OK, so sure, some of the songs sound like they borrowed their entire melodic and harmonic structures from the original Zelda for GameBoy, but there are serious gems on this well-curated release of a little-known era in French synth-rock. Most of the better tracks make good use of the famous (or notorious) analog synthesizer with intricate song structures, while the worst appear to have simply programmed a repetitive melody and screamed over it in nonsensical French.
The fact that this compilation is almost entirely in a foreign language poses a conundrum for the listener. If you don’t speak French you may wish you understood the words, but those who are fairly fluent may not want to understand some of the more insipid yowls. One of the most memorable lines in any of the tracks is “Don’t touch my penis, little girl…under any pretext” from Comix’s “Touche Pas Mon Sexe”.
Some of the musicians included push their Casios and Korgs to the limit, especially the group TGV (named after France’s network of high-speed trains), whose pixelated “Partie 1” creates a dense, industrial/new wave ambiance, and Mary Möör who, in “Pretty Day”, repeats “my blue eyes in your black eyes / it’s a pretty day to die” in two languages over an explosion of synthesized sound.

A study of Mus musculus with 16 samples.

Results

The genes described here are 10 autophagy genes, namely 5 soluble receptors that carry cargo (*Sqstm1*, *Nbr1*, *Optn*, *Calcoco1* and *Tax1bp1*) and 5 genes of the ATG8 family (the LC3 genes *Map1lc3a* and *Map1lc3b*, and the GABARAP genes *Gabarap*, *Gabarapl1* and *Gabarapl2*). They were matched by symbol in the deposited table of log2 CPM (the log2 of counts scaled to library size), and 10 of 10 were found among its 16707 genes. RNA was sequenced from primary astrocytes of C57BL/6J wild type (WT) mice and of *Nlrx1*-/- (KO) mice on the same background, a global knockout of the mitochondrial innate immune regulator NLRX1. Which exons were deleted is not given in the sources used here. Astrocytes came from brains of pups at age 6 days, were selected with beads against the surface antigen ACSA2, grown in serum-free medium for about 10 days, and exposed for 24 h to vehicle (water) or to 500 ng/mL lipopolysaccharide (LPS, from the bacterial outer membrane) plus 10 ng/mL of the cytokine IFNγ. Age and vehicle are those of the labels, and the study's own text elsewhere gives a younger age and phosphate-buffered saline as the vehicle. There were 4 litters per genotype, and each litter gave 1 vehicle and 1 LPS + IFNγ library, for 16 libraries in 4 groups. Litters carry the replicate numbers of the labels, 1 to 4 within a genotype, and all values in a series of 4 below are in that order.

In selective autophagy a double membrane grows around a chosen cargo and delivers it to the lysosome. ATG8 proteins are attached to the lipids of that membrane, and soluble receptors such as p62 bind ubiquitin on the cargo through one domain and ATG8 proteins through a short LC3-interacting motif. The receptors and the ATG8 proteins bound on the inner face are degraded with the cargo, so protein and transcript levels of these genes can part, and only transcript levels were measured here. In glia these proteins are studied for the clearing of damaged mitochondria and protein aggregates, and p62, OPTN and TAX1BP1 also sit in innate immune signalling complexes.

None of these tracks ever sold that well upon their original release but Parisian indie label Bad Boy and their stateside distributor Everloving have done an admirable job of picking through the era’s few standouts and tossing them onto this compilation. There are enough quality performances that this disc can stand on its own alongside anything from the Manchester New Wave of the same period.
All of the included recordings were remastered from their original 7” releases, and the sound quality is superb. Hopefully Everloving will include with their release the 36-page insert booklet featuring band photographs and biographies that was in the Bad Boy version.
Speaking of French music featuring synthesizers, listeners would do well to continue their aural voyages à l’étranger beyond the synth-punk-rock genre. Another popular style that was making itself known in the French-speaking world around the same time as these DIY groups was French Antillean zouk from the Caribbean islands of Martinique and Guadeloupe. The fusions of ‘traditional’ Creole rhythms with a more contemporary synthesized sound created a music with a worldwide following, at least as new and influential as what you’ll hear on B.I.P.P.P. Names to check out from that scene include Jocelyne Béroard and Kassav'.